The company’s longitudinal study follows 86 individually housed calves receiving either a traditionally low level of calf milk replacer, CMR, (0.6 kg/d); or an optimized level (1.2 kg/d) in line with the company’s LifeStart program.
Trouw Nutrition explained that calves were weaned at 56 days of age and group housed at 70 days of age and afterwards provided the same diet and management, with health, performance and metabolic parameters monitored and measured as they went through the production cycle. Factors such as parity of mother and colostrum feeding were controlled to ensure any effects could be attributed to plane of nutrition only.
The company said the trial showed calves on the optimized LifeStart feeding plan had sustained metabolic adaptations that remained even nine months after weaning. It said the LifeStart regime also appeared to lead to an earlier age at first calving, as well as improved survival to 180 days in milk.
FeedNavigator caught up with Trouw Nutrition researcher, Leonel Leal, to hear more.
“We confirmed in the first lactation findings what we already had seen at 11 months - the basal metabolism is different in the two groups.”
He said the team expects, by late this year, to have data on the first lactation milk production to see if actual production validates what the metabolism of the cows is indicating.
“What we see is that there are changes occurring in the basal metabolism of the animal. Some of the changes we saw at pre-weaning, again at 11 months and then, afterwards, in first lactation, would seem to be linked to the way the animal utilizes energy that it gets from the feed, how it partitions that energy towards body reserves or towards the milk. The same was also shown for the utilization of protein.
“We also saw some microbial derived secondary metabolites in the blood of those animals, which could indicate that the microbiome of the animals in the two groups is different. But that is still speculative and we need to do further research on this.”
The Lifestart research project started in Q1 2014. The research farm includes 120 dairy cows.
“We started in the beginning of 2014. It took us close to 18 months to have all the heifers we needed for our experiments. The pre-weaning phase took us a while and this why we have cows in first and second lactation. From the youngest calves to the oldest, there is an age differential of more than one year. We work with a small farm.”
Results so far…
He said in those four years, along with Trouw Nutrition’s own work, studies undertaken by other research groups show why enhanced nutrition pre-weaning could promote development and future production. The findings of collection of papers from Adam Geiger based at the Department of Dairy Science in Virginia Tech in the US, showed the mammary gland and organ size is dramatically impacted by pre-weaning nutrition regimes, said Leal.
“They (Geiger et al, 2016) have actually shown that there are some organs that can develop faster than other parts of the body, indicating that they are nutrient sensitive. And that was contrary to our original thinking that all organs develop at the same pace.”
He said the Trouw Nutrition team now has more data now to show it is not only developmental variance that matters, that the difference in cows fed higher planes of nutrition and restricted diets is also related to epigenetics and metabolic programming. The team sees that long-term metabolic configuration in an animal that can persist and can be expressed in time, all due to the higher plane of nutrition in the cow’s first two months of life.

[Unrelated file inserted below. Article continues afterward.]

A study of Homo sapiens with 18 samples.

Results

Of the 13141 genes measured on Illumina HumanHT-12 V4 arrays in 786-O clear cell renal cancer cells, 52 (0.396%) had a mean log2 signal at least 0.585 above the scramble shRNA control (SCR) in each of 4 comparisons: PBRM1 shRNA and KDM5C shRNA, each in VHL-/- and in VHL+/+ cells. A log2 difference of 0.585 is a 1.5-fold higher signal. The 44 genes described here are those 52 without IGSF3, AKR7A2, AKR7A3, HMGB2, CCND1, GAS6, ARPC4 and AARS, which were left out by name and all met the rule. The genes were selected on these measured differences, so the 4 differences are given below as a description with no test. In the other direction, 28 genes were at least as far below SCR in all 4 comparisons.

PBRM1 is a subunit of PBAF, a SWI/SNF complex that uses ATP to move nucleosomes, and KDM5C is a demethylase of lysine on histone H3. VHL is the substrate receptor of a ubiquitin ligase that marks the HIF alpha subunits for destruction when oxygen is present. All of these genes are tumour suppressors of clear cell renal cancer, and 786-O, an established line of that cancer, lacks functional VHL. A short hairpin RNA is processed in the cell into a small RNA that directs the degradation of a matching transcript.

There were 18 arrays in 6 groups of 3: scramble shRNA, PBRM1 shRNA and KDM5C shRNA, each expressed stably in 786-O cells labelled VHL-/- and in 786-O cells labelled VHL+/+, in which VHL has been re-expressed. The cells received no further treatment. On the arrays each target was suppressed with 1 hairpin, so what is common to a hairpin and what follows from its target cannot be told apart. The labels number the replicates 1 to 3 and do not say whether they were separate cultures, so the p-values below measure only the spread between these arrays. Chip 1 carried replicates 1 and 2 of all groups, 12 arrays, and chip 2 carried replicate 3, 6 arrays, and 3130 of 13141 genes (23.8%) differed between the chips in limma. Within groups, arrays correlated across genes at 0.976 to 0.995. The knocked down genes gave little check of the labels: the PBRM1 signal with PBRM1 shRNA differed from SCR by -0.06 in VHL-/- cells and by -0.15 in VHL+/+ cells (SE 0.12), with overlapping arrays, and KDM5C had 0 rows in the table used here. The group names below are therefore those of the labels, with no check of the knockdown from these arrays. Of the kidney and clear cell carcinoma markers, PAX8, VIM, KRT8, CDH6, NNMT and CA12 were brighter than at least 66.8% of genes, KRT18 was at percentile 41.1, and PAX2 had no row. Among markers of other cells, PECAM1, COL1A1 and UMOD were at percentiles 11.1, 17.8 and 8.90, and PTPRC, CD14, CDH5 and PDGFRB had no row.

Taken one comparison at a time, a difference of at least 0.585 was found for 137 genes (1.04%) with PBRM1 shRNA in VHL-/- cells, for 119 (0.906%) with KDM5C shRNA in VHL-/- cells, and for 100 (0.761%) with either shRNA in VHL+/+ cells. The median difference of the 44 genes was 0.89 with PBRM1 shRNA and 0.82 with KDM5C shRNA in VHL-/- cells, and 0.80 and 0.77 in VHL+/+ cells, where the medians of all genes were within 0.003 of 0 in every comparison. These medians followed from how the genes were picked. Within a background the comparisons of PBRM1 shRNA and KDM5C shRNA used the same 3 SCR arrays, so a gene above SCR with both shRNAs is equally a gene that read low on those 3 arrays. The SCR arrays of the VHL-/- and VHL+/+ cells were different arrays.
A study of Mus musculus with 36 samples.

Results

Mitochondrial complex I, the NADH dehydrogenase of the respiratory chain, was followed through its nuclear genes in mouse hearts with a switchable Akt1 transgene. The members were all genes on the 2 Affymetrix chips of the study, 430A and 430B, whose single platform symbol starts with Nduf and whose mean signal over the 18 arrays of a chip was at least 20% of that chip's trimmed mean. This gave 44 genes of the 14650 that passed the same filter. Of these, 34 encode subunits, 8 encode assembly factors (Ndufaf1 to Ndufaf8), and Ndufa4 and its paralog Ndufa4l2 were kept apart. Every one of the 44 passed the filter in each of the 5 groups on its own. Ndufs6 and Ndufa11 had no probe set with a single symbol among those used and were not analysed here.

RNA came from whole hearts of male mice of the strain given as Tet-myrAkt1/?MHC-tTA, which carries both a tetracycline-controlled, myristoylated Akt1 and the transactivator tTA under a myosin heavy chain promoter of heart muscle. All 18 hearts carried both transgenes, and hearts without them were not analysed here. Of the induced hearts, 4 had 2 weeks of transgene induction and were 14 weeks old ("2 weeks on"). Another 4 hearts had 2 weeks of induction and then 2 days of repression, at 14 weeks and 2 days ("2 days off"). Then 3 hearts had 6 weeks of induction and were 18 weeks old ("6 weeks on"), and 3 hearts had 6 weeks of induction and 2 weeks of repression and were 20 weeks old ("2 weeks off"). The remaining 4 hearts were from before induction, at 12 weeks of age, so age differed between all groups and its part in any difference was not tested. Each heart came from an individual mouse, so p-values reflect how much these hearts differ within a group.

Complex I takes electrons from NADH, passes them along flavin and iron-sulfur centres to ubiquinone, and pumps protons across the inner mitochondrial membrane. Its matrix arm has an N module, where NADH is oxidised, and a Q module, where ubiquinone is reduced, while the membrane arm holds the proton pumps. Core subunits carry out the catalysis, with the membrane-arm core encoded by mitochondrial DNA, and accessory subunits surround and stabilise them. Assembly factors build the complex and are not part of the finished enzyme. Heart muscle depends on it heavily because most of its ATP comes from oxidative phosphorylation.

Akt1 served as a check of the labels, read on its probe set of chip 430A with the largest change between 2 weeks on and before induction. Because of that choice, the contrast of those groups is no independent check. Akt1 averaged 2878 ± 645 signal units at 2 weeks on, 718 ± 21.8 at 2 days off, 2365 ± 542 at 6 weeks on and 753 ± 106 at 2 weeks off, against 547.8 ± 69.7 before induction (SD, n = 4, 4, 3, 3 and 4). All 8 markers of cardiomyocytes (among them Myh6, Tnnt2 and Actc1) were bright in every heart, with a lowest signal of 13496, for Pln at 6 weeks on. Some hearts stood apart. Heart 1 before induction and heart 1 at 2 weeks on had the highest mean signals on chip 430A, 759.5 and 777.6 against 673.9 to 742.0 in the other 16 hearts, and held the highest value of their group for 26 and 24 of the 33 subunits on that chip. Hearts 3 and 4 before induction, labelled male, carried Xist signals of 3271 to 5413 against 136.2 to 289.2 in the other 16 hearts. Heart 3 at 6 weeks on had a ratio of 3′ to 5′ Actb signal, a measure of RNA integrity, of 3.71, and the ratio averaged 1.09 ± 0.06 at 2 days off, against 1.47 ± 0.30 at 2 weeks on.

“We will study if that happens still in the second lactation as well.
"In terms of other next steps, we will try and understand how all those changes in basal metabolism can relate to interesting parameters for a farmer – essentially milk production, milk composition, dry matter intake, longevity, fertility and resilience.
“A bridge now needs to be made with what science is telling us regarding the metabolites of calves [fed a higher planer of nutrition] and on-farm measurements.”
Some published research shows no differential in milk production in calves fed a higher or restricted feeding regime pre-weaning.
Commenting on such findings, Leal said:
“Those studies normally always focus on milk yield in the first lactation but ignore other parameters such as longevity or fertility and a range of other parameters we still don’t understand.
“We have discussed that pre-weaning nutrition is extremely important for first lactation milk yield but the way the metabotype is going to be expressed in the future will also depend on the environment the cow is exposed to – whether it is the lactation diet, housing conditions and management – the same metabotype may behave differently – it is all about how the animal may handle those nutrients and that diet in the future.
“You may not see differences in liters of milk per day but you may see that those animals perform better in other production parameters such as health, fertility and resilience.”
Comprehensive analysis of several parameters at the same time is necessary to show how the effects of a higher plane of nutrition in the first eight weeks can ensure better lifetime performance, said Leal.
“I always explain to farmers that the conditions during the first lactation can change the way the animals express their advantage.”
The Trouw Nutrition team is aiming to, eventually, have strong datasets for first and second lactation. “One of the things we are trying to tackle is to extend the longevity of our dairy herds. Milk yield is important, and showing that response through our higher plane of nutrition feeding certainly captured the attention of the entire scientific community, but I think we are better off increasing the longevity of the animals. That is even more important, not only for economic and productivity reasons, but for reasons of societal perception [of dairy farming].”